Science Notes 2011 earns notice in two national blogs

September 23, 2011

Science Notes 2011 cover art: Sean Vidal Edgerton

Science Notes 2011, the latest edition of SciCom's annual multimedia magazine, was spotlighted in two national blogs devoted to science writing: the Knight Science Journalism Tracker and "The SA Incubator" at Scientific American.

Stories produced by student journalists in the class of 2011 explored the lives of sneaky salmon-snatching sea lions, threats faced by African island tree frogs and octopus-shaped sand dollars, and a purge-inducing, shaman-administered hallucinogenic Peruvian brew. During SciCom's multimedia class, the writers also produced a podcast for each story, numerous videos and slideshows, and still photography. The magazine features original artwork from graduate students in the Science Illustration Program at CSU Monterey Bay.

Veteran journalist Charlie Petit, head blogger for the Knight Science Journalism Tracker, wrote this in his post about the magazine: "Every year the UC Santa Cruz science communication program—among the most successful formal, pedagogic producers of career science journalists in the country, with its specialty the conversion of researchers into reporters—publishes its fellows' magazine-scale features. The result is Science Notes. This year's issue is pretty good and in several places truly outstanding."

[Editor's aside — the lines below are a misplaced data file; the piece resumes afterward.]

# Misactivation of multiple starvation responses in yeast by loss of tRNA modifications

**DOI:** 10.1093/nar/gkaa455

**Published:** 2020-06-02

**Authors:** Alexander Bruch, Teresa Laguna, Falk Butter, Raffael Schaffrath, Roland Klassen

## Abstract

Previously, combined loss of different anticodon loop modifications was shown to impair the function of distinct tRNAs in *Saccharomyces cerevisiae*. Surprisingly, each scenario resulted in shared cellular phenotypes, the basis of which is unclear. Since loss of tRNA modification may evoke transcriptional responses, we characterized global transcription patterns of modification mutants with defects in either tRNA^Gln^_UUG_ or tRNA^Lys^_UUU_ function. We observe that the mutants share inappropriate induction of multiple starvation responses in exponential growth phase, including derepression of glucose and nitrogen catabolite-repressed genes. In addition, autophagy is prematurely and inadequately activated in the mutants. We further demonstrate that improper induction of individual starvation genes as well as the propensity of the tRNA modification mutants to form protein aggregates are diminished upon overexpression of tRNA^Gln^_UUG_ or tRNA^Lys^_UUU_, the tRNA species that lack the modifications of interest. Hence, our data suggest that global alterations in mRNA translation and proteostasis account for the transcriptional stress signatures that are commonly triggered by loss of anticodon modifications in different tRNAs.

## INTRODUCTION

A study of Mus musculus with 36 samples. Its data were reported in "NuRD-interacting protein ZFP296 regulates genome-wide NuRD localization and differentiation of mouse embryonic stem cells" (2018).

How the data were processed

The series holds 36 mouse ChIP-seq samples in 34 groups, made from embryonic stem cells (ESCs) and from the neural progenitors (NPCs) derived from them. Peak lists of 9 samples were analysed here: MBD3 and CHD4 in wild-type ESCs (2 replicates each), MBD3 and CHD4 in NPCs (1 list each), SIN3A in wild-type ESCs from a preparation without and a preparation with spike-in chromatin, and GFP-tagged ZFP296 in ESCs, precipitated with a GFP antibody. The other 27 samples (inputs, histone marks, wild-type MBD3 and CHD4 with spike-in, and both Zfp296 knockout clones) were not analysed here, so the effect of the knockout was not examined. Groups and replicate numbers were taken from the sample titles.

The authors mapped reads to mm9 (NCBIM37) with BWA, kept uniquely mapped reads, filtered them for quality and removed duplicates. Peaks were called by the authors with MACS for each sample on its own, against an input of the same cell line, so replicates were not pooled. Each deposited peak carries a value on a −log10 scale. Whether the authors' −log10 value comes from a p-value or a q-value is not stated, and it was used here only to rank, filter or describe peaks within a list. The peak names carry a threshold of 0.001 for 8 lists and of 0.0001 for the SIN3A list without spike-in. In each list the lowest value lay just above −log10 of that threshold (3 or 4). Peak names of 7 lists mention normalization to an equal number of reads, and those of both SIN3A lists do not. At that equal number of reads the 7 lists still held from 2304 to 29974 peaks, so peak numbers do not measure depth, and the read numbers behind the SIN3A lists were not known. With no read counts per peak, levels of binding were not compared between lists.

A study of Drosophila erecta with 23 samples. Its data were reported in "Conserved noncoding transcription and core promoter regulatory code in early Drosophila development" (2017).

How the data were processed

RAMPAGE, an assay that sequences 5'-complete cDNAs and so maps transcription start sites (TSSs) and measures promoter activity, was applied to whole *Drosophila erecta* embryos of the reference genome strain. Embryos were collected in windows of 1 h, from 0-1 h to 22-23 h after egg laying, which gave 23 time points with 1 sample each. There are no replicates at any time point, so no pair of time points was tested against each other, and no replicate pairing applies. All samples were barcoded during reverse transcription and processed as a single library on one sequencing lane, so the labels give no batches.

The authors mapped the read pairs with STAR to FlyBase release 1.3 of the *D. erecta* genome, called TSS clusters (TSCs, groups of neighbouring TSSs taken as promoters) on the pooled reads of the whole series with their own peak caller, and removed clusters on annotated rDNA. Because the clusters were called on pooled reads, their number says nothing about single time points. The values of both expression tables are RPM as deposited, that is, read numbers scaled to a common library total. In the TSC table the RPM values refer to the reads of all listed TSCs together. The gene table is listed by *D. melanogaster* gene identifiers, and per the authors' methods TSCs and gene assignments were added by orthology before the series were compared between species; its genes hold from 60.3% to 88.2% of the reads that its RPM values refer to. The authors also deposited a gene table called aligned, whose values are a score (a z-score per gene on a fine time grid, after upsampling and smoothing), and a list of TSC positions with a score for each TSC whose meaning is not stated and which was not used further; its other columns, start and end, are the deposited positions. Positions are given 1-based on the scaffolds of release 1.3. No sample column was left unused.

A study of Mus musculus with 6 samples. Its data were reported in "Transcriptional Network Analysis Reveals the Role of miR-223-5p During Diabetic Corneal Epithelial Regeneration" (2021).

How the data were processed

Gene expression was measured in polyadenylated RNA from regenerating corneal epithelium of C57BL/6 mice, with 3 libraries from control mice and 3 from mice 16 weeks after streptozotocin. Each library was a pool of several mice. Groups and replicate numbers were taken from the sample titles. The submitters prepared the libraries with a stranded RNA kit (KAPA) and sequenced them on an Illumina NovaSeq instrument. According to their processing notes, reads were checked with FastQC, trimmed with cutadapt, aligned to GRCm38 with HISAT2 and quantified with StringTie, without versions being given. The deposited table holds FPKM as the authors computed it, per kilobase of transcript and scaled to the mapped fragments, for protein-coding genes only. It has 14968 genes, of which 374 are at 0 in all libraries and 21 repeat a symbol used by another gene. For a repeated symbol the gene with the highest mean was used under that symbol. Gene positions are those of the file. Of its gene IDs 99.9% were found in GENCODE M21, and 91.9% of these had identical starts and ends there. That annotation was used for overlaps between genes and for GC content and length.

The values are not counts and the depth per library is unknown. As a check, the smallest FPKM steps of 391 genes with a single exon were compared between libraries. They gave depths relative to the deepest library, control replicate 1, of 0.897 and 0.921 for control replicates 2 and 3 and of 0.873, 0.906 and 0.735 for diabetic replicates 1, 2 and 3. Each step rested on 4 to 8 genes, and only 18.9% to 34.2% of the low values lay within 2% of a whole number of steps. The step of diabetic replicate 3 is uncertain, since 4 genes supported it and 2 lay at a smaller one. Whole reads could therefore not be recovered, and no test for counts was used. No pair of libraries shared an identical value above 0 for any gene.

And at Scientific American, in a long post solicited by blog editor Bora Zivkovic, the authors offer inside looks at how their stories transpired. For example, Susan Young noted this about her story on new smartphone apps to help blind people navigate their world: "Writing my first feature solidified for me the importance of hidden sources—experts and stakeholders whom I interviewed, but didn’t quote or mention directly in my piece." And Sandeep Ravindran, who produced both a slideshow and a video to accompany his story on lizard families, wrote: "I certainly gained a whole new appreciation for field-research documentaries!"

Other stories in the issue describe the perils of honeybees and the promise of native bees for pollinating California crops; glitchy video-game coding through the eyes of an upstart software engineer; field excursions with biologists tracking mountain lions above Santa Cruz; why some channels in Elkhorn Slough are turning a disturbing pea green; and how gigantic transnational gold mines affect the agrarian residents of the Andes.

The authors are now working at national-level internships and jobs. The next issue of Science Notes will be published in August 2012.